Wednesday, November 19, 2008


On Sunday, I spied an Eastern Phoebe, an olive green bird that is described as a bird that “wags its tail,” according to the National Audubon Society’s guide to birds. She was sitting atop a bird bath in the backyard which we had placed on its head because the bath, when filled with water, began to breed mosquitoes. I thought the Phoebe was acting rather dumb because she frequented a dry, upside down basin, but later read that this bird swoops down on prey from any type of perch. The Phoebe stood on the stone bath long enough for me to find information about her in my bird guide and to discover the fact that her ancestors were the first ever to be banded in America by John James Audubon, the great artist who authored and painted BIRDS OF AMERICA.

Audubon was working on the aforementioned book when he banded the Phoebe, but his major job at the time was as tutor to Eliza Pirrie at the Oakley plantation home in St. Francisville, Louisiana. I once made Spring pilgrimages to St. Francisville , and on one occasion took my godfather, Markham Peacock, then 95, to visit Oakley. The two-story frame house now stands on a 100-acre tract known as Audubon Memorial State Park, which has also become a wildlife sanctuary. The house was built by James Pirrie over a raised brick basement and has a curved stairway joining the two galleries. At the time I took my godfather, I tried to discourage him from climbing the staircase, but he shushed me with the information that he had climbed pyramids in Egypt and took the steps with more vigor than I could muster.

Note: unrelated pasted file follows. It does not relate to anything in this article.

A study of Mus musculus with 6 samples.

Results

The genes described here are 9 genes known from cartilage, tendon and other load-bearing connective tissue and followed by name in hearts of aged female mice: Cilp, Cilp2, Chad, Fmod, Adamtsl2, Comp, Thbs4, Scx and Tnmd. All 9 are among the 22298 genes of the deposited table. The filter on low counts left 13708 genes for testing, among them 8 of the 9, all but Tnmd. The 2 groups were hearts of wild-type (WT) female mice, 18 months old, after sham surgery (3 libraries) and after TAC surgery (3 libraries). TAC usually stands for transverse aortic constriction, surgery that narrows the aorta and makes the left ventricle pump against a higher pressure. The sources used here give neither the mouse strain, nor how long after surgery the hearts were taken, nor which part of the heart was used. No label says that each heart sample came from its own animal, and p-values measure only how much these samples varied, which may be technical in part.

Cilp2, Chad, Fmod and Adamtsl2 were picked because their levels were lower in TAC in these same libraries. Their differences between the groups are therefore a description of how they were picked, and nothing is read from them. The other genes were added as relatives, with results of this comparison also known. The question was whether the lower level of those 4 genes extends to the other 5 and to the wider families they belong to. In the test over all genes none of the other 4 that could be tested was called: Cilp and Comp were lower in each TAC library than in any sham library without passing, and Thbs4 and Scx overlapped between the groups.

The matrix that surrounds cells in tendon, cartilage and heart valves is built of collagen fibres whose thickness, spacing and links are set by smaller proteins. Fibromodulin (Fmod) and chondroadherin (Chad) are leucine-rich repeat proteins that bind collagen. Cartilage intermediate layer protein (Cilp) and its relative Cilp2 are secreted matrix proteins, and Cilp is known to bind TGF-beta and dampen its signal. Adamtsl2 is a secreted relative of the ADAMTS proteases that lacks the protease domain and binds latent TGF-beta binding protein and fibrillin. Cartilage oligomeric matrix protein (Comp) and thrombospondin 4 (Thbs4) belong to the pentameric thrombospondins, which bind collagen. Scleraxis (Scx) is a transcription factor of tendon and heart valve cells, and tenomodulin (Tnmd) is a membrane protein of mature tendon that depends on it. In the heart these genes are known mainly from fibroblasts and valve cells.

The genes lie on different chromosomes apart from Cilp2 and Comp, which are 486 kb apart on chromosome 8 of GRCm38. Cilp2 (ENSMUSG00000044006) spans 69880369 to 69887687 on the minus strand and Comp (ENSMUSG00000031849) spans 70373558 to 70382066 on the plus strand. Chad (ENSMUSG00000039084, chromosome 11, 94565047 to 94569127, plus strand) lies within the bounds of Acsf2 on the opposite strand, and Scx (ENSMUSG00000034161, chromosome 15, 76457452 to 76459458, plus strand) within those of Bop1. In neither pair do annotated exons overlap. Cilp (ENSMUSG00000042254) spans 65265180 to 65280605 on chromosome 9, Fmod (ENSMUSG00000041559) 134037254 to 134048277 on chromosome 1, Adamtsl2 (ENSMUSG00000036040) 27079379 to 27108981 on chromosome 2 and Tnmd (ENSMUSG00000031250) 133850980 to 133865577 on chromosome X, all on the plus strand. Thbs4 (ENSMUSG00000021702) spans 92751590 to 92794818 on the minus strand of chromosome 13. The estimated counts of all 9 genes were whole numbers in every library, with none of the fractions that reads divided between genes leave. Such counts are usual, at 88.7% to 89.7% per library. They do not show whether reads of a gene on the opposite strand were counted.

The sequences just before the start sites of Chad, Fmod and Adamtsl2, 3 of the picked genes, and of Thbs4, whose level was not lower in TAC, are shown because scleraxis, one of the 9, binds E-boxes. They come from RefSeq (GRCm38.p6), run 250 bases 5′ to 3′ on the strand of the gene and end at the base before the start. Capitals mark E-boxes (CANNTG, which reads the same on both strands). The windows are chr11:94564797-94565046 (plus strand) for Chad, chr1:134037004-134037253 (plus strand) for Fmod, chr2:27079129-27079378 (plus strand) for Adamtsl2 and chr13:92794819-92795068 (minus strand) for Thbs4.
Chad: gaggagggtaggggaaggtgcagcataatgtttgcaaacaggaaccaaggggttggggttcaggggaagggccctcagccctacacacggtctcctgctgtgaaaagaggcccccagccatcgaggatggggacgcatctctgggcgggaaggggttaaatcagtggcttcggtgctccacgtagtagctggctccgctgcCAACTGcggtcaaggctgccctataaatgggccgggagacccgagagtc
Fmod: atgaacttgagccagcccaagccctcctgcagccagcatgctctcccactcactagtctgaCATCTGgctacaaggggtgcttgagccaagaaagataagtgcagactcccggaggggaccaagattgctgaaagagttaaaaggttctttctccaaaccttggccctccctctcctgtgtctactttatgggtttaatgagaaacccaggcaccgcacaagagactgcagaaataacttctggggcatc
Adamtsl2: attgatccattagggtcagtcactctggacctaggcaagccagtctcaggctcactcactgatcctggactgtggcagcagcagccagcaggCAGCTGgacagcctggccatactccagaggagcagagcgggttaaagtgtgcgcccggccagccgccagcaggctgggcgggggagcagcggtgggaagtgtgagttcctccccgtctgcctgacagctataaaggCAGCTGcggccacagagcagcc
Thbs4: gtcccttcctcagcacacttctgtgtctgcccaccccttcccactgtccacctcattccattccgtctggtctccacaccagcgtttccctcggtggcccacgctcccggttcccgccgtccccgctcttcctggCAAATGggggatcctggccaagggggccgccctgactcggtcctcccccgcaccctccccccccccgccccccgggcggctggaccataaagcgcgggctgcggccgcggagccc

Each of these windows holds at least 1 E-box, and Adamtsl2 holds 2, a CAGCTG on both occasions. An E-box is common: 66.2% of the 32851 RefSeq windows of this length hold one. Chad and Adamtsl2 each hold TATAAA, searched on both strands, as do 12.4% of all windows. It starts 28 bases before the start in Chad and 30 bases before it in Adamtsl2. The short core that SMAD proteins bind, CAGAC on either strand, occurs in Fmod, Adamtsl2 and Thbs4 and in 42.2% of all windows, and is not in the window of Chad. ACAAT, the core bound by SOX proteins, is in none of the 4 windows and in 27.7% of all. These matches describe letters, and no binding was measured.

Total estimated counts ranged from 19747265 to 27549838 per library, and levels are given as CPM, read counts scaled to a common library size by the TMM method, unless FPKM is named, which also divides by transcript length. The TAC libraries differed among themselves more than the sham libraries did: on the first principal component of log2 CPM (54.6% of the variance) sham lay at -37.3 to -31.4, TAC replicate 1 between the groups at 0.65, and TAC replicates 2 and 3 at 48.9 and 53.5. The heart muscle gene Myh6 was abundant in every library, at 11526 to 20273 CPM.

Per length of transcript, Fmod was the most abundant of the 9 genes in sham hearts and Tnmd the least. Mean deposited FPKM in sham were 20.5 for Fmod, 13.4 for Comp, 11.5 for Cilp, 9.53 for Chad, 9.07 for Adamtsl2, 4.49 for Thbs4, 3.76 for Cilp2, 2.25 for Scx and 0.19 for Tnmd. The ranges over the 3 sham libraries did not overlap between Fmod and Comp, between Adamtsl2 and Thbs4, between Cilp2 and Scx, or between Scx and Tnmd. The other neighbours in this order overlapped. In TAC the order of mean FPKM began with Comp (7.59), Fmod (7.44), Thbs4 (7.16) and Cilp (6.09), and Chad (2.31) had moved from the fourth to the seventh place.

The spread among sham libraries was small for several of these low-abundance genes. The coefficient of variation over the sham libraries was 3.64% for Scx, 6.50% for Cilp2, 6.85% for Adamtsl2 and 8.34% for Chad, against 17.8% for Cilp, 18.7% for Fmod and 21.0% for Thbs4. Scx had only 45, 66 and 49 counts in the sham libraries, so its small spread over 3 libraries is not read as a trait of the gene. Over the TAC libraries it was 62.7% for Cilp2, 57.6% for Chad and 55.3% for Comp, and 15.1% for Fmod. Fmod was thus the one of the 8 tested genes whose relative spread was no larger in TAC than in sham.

John James Audubon tutored Eliza Pirrie at Oakley and taught her to draw and paint; his wife taught Eliza to dance, using an abandoned cotton gin rather than a ballroom for the instruction. According to Lyle Saxon, Eliza eloped with a young aristocrat on a rainy day, and her lover carried her through steams that were breast deep, then succumbed to pneumonia and died three weeks after he captured his bride. However, Eliza married twice after her first tragic marriage.

St. Francisville is situated in the Tunica Hills of Louisiana where red sediment and tan loess lie beneath rolling hills. In wealthier times preceding the Civil War, it was a rich town that boasted many plantation homes: Propinquity, The Myrtles (which has ghosts!), Catalpa, Wakefield, and Rosedown, queen of St. Francisville plantation homes, with formal gardens landscaped after those at Versailles. The house is a blending of Georgian, Louisiana, and other classic architectural styles.

The Cottage, where we spent the night on the trip with Godfather, has a long front gallery to which coffee and biscuits are brought out on a silver tray for guests as they arise in the morning, and Godfather pronounced the place “quite European” despite its austere appearance. The Cottage isn’t as grand as Rosedown but it’s a hospitable place where week-end guests can relax and renew themselves after a week of work. It stands on a high bluff (shades of Sewanee) in a wooded area, and we had to cross a rickety bridge over a creek to reach the old home.

A motel in St. Francisville features many of John James Audubon’s bird paintings, but I don’t remember seeing the little Eastern Phoebe that piqued my interest. Natchez, Mississippi, just “down the road” from St. Francisville, is another example of a wealthy city of pre-Civil War times and has a plethora of planters’ plantation homes. I have a manuscript in my files (unpublished) entitled THE GOAT MAN MURDER that takes place in this historic city. Border Press plans to launch it in a few years.

P.S. The photo above is of Godfather at 95, and my friend Vickie Sullivan, resting near a tangle of white azaleas in the gardens at Oakley, just after climbing the curving staircase.